Yes...but is it art?


Permalink 10:49:12 pm, by Chris Jones Email , 810 words, 6032 views   English (US)
Categories: Announcements, Modern Latin, My Own Latin

Yes...but is it art?

In the wake of the otherwise forgettable 2005 feature film Doom–based on the video game of the same name–film critic Roger Ebert made some comments regarding the artistic value of electronic gameplay. Although they may be subtle, ingenious, challenging, even visually stunning, video games couldn’t be art because the nature of the medium (player control of outcome, investment of enormous amounts of time, no emotional catharsis beyond solving a puzzle) seems to contradict common artistic goals.


Needless to say, gamers came out in force to rebut him. The lively debate IMO suffered because the two sides were talking past each other. Ebert is approaching the question analytically, while the gamers have a more visceral reaction–they enjoy playing video games, so of course they must be art.

I’m certainly more sympathetic to Ebert’s approach, but the question had me thinking about the artistic value of another activity I enjoy: Composing modern Latin poetry. There is no doubt Latin was once a luminous artistic medium; if the only reason you learn the language is to read Vergil in the original, IMO it’s well worth the effort (and you get Cicero, Horace, Ovid, and scads of other exquisite writers for free). But Latin today is a dead language; it has no native speakers and it hasn’t for quite some time. In a sense it’s culturally “frozen", an artifact structurally ignorant of changes in human culture at least since the end of the Renaissance (probably earlier).

To put it bluntly, can a dead language produce anything that can really be called artistic? For example, I’m sure there are folks somewhere creating poetry in Klingon, and William Auld is recognized by the small group of Esperanto specialists as a master of the invented language, having been nominated several times for the Nobel Prize in Literature. But to appreciate this poetry I would need to invest a lot of time learning these languages, and the artistic payoff seems less than it would be with a living dialect. There are several reasons for this, but the biggest IMO is the lack of a unique human culture behind the language, one that considered the words it used to be the absolute best way to express a historic, personal, or universal truth. This last point, I think, is what we mean by the phrase “Lost in Translation": There are aspects of a native culture so engrained in its language that–at least for its speakers–they simply can’t be expressed otherwise (or at least without a ponderous exegesis of footnotes).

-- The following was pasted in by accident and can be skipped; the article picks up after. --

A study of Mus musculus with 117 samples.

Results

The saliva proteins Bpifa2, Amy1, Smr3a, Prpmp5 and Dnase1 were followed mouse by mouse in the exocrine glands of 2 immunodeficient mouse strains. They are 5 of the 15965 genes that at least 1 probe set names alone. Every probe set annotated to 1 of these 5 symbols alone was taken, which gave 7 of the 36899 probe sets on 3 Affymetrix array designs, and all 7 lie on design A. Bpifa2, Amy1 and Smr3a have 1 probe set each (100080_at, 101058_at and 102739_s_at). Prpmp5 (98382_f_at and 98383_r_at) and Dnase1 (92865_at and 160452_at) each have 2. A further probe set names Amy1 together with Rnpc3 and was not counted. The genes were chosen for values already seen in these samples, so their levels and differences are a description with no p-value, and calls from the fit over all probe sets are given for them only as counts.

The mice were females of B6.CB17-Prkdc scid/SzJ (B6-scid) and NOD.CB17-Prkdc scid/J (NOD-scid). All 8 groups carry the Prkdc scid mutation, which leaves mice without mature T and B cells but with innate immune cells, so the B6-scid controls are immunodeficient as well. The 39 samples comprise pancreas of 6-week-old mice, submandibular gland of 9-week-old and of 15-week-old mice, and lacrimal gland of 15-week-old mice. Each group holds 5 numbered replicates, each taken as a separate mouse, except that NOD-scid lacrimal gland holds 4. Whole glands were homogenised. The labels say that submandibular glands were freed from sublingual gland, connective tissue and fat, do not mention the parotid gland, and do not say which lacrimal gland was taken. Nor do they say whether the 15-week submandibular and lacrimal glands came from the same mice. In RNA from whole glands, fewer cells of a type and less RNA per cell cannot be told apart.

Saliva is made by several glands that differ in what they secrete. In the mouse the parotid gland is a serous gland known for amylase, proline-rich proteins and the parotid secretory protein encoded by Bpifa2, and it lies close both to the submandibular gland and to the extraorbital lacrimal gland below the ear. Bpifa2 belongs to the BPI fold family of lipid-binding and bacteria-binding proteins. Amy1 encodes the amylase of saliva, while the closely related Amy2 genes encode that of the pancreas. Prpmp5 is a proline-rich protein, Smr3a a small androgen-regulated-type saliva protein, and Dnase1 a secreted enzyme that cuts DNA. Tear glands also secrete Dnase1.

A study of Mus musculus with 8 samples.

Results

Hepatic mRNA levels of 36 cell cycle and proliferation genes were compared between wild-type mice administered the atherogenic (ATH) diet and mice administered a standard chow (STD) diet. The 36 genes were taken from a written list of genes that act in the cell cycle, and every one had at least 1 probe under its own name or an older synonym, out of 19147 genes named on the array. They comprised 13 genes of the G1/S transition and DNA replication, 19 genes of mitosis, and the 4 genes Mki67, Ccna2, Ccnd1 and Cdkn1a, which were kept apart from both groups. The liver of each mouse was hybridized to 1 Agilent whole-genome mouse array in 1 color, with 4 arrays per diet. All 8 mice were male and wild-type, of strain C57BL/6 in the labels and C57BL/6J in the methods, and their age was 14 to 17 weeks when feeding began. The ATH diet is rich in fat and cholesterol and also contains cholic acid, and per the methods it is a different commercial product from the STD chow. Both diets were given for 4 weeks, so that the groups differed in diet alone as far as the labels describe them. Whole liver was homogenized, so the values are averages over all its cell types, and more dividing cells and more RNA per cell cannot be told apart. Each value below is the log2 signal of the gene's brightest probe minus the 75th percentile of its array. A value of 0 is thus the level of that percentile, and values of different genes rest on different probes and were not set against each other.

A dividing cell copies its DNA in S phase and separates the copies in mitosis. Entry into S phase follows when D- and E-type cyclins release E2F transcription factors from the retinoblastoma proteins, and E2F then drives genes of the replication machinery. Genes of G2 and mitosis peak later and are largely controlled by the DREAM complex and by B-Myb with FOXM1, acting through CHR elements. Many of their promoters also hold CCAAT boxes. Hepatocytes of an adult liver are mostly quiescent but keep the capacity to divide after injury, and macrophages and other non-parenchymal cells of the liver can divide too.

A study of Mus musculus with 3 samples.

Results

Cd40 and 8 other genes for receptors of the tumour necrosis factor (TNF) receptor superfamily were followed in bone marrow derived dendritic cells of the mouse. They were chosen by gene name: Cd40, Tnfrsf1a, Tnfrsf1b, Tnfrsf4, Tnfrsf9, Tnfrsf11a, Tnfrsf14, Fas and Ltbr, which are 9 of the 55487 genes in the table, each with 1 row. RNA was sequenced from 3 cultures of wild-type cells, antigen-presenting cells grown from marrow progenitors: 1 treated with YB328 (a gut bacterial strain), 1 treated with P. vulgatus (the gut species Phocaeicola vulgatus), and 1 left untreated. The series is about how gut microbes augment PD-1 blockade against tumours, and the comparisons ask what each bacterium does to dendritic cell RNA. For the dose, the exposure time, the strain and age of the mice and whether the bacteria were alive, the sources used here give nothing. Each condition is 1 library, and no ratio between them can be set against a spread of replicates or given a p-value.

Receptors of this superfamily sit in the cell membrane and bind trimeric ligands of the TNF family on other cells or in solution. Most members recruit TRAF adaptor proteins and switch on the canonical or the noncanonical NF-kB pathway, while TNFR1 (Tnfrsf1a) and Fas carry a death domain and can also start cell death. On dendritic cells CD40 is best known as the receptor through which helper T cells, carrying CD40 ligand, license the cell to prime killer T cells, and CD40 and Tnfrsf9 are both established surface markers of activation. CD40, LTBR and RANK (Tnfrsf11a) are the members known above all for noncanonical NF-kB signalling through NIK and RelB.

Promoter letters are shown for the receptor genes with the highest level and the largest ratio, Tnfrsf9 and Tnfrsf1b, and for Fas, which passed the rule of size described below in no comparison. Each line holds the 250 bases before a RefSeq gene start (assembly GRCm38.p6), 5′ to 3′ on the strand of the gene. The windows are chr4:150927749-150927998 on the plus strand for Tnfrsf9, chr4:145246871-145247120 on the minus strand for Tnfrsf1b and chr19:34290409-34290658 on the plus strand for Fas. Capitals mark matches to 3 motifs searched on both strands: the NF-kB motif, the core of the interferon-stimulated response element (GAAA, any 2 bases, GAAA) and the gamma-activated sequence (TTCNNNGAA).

So we have some of the criteria Ebert mentioned in dismissing video games as art. The last one–player control of the outcome–might be related to modern Latin poetry if we consider the medium a “closed shop” of specialist devotees, a process where the artist is his/her own audience and the group tacitly assumes the potential for criticism to discourage an activity outweighs its benefits. Much of the original Latin poetry I find on-line is bad (usually competent but often dull and pedestrian), but it’s such a stunning thing to find it at all that I make it a point to avoid writing bad reviews and focusinstead focus on the good. Ebert has an advantage in that for all the trash there are annually at least three or four absolutely stunning films–ones that haunt a viewer the way great art should–and a sizeable body of cinema that is more than worthwhile to spend time with. Now a gardener judiciously weeds a flowerbed to show off his blooms, but what if the bed is nearly all weeds? Would it be better to look at barren dirt, or appreciate the beauty inherent in any growing thing, however much it falls short of my prized azaleas?

I really don’t have the answer, but my response to the question has been to plant my own seeds–many of which you can find in the links on the right–and leave it for others to evaluate the blossoms. I am guided by my brother’s response when we discussed the video-game argument over the phone some years ago. He made the excellent point that distinctions about what is/isn’t art have been used for centuries to limit ideas or keep a certain elite in control of the conversation. In the end it never really works–those type of things are decided in other ways–but it often leaves a lot of minor but avoidable grief in its wake. It’s hard to see Latin–as conservative a discipline as there is–in the role of artistic iconoclast, and probably a little presumptuous. Nevertheless, the question will no doubt inspire me to write more on it in the future, and writing/encouraging modern Latin literature is just something I’ll continue to do, even if every Latinist on the planet ignores it.